Fuel tanker strike threatens Shell
Last-minute talks aimed at averting a three-day strike by P&O oil tanker drivers were being held in the early hours of Friday morning.
It is hoped a deal can be reached to head-off the threat of industrial action, called over a pay dispute.
Action would hit Shell petrol stations, which are supplied by P&O's Trans European branch.
Union leaders claimed Shell would start to feel the effects of the stoppages within 24 hours.
A spokeswoman for the oil giant said petrol stations in cities would be hardest-hit, although contingency plans were in place.
A spokeswoman for the Transport and General Workers' Union (TGWU) said the talks were expected to continue until around 0500 BST.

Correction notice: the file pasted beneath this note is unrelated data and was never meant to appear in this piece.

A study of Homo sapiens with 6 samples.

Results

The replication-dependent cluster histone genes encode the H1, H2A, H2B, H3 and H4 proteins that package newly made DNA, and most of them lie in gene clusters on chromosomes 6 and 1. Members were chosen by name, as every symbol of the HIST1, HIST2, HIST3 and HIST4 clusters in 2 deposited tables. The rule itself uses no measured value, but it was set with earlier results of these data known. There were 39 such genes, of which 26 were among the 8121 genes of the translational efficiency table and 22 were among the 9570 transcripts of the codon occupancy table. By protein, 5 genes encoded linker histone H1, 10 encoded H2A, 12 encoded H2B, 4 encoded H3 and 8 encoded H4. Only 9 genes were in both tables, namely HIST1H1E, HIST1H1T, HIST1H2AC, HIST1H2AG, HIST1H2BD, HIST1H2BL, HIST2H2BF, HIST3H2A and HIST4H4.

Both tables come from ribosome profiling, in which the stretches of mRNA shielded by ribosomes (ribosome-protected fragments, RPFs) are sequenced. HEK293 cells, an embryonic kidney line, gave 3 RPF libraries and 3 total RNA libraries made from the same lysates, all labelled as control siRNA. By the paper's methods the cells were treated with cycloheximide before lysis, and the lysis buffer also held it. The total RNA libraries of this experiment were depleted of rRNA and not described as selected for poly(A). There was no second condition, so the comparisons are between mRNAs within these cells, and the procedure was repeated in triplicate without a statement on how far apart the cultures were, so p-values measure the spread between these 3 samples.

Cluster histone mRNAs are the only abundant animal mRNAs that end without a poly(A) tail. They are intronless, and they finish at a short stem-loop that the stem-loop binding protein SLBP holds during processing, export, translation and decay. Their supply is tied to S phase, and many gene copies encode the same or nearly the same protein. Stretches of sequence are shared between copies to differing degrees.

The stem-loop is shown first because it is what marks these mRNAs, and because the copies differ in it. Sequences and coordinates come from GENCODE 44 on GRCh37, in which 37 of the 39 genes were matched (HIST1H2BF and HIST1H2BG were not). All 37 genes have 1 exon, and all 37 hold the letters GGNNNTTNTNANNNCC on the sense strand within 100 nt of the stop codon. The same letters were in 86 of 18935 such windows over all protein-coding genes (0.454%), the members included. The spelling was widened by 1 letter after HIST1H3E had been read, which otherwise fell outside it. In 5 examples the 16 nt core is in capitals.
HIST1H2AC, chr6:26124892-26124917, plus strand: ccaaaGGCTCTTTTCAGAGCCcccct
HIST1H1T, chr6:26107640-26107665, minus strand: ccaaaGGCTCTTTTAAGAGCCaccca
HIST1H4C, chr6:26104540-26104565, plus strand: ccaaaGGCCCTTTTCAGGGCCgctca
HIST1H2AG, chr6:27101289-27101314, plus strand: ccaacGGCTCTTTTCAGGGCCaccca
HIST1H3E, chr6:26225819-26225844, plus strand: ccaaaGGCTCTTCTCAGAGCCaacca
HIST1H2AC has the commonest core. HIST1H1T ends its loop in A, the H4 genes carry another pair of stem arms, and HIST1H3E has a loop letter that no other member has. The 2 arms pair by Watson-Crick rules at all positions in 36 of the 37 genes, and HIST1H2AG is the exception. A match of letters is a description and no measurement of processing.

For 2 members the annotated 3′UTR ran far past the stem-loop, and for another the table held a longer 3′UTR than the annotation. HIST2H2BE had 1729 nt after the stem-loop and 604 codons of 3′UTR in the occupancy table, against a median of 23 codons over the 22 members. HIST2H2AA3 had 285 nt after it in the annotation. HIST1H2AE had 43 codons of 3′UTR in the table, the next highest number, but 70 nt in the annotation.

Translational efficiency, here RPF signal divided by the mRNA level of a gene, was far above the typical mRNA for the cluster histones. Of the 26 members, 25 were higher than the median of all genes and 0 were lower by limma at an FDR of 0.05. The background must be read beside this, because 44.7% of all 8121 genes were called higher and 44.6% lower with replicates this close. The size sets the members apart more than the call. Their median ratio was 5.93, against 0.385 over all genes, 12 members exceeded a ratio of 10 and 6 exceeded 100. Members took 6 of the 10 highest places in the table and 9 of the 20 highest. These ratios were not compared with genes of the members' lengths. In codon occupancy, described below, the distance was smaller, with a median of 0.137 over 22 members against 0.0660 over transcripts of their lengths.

She said that unless a deal was reached the action, supported by 269 drivers in a ballot, would continue as planned.
The drivers are demanding a pay increase of 8%, and have rejected the latest offer of 4.5%.
"Shell stations only have enough supplies to last about a day," the spokeswoman added.
"They will start to feel the effects about a day after the strike begins."
A spokesman for P&O Trans European said it hoped to reach a deal with the drivers.
Shell was also hopeful that a solution could be found and that petrol stations would remain open.
But a spokeswoman warned: "There may be some inconvenience to our customers, but this will depend on individual service stations.
"Some stations, in particular the rural ones, may have enough fuel to cope with it and will last longer than those in busy city centres."
She added: "The Shell network only accounts for 10% of the country's petrol, so 90% of the country will not be affected by the strike."